Reprinted from "The Sunday Post," Glasgow, February 21, 1937.
STARVATION IN MADRID
Women Go Frantic When Ambulance Food Supply Ends
This remarkable story of what is happening in Madrid to-day is told by Mr Morris Linden, a member of the Scottish Ambulance Unit in Spain.
The Scottish Ambulance Unit has all week been distributing foodstuffs in four of the poverty-stricken areas of Madrid - Venytas, Tetuan, Puente de Toledo, and Vallecas.
Puente de Toledo has probably been the most heavily-bombed working class area in Madrid.
Apart from devastated tenements, the most moving indication of Franco's damage is observed in the children, many of whom show the effects of two months of shell fire and air raids by their twitching hands and general nervous condition.
A number are limbless, while others are heavily-bandaged.
The scenes at the distributions have all been the same—
The gratefulness, to the point of tears, of the women who were first in the queues.
Their disbelief that they were receiving coffee, sugar, milk, and other foodstuffs.
And the heavy blow to those who had stood so long in the queue, only to be told that we had no more food left.
A Teaspoonful of Sugar
One incident during a distribution reveals the starvation point to which many of the people in Madrid have been reduced.
As a 2 lb. bag of sugar was being handed out from the ambulance a little escaped from the flap. Those women who had seen the sugar spill, actually became hysterical — so great was the loss of a teaspoonful of sugar !
Many examples of the plight of the women and children could be given. Even a member of the unit, whose work among the injured must have innured him to great suffering, broke down when many of the women became frantic, as the word swept down the long column that the ambulance had been emptied of food.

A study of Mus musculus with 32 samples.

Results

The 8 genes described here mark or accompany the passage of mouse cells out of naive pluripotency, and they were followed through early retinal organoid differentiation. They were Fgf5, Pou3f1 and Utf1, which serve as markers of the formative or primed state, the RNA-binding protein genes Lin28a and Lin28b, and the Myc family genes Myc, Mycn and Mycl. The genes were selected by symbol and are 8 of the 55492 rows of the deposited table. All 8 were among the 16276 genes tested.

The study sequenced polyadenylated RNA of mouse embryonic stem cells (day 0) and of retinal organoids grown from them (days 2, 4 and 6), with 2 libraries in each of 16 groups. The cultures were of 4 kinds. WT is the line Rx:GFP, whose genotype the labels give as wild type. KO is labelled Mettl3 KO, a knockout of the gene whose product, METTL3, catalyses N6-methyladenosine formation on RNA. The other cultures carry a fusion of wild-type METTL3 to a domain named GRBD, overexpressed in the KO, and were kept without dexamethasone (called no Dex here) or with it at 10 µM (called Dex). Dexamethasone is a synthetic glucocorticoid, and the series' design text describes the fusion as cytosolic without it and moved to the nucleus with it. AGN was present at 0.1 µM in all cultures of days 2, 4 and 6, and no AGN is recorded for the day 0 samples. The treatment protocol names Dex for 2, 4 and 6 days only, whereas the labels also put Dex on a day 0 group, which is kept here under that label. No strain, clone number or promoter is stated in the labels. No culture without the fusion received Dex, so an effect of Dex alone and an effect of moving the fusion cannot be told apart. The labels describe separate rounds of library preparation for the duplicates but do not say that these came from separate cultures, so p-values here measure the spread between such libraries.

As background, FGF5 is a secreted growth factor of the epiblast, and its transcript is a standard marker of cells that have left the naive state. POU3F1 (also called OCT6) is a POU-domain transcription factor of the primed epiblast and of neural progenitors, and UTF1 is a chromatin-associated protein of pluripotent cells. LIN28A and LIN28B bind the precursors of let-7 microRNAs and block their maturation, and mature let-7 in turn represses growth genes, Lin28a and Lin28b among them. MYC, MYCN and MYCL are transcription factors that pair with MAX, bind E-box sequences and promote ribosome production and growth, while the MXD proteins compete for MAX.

Naturally the shortage of food has a military aspect, and the wisdom of the decision to evacuate the civil population becomes more evident daily.
If the majority of the population is evacuated, then the threat of starving the city into submission - by cutting the Valencia, or other minor roads connecting Madrid and Valencia - would be ineffective to some extent.
The authorities, in that case, would have to deal only with the problem of feeding the troops and those people whose presence is necessary in the city.
Evacuation is proceeding at present, but it could be speeded up considerably if more foodstuffs were available.
People Amazingly Cheerful
Meanwhile the people are amazingly cheerful. Yesterday afternoon at lunch-time I saw a group of girls have a game of skipping within a mile of the front. That was how they were spending the last few minutes of their lunch hour before returning to work in the building on the opposite side of the road.
I have seen factory girls do the same in Bridgeton. But one hardly expects to see it in the Madrid of February, 1937.
Another member of the unit, writing home, says —
Food queues begin to form early in the morning, and recently one of their duties has been to serve hot refreshments to the hungry people.
"We were out at three o'clock one morning," he writes, "dishing out hot chocolate and bovril to people who had been standing all night in the food queues. It was highly appreciated. We served out between four and five hundred cups."
Sir Daniel Stevenson, commenting on Mr Morris Linden's story, said it showed how urgent it was that the Scottish Ambulance Unit should be supported financially.
MISS JACOBSEN, with members of the Scottish Ambulance Unit, issuing supplies of food in Madrid.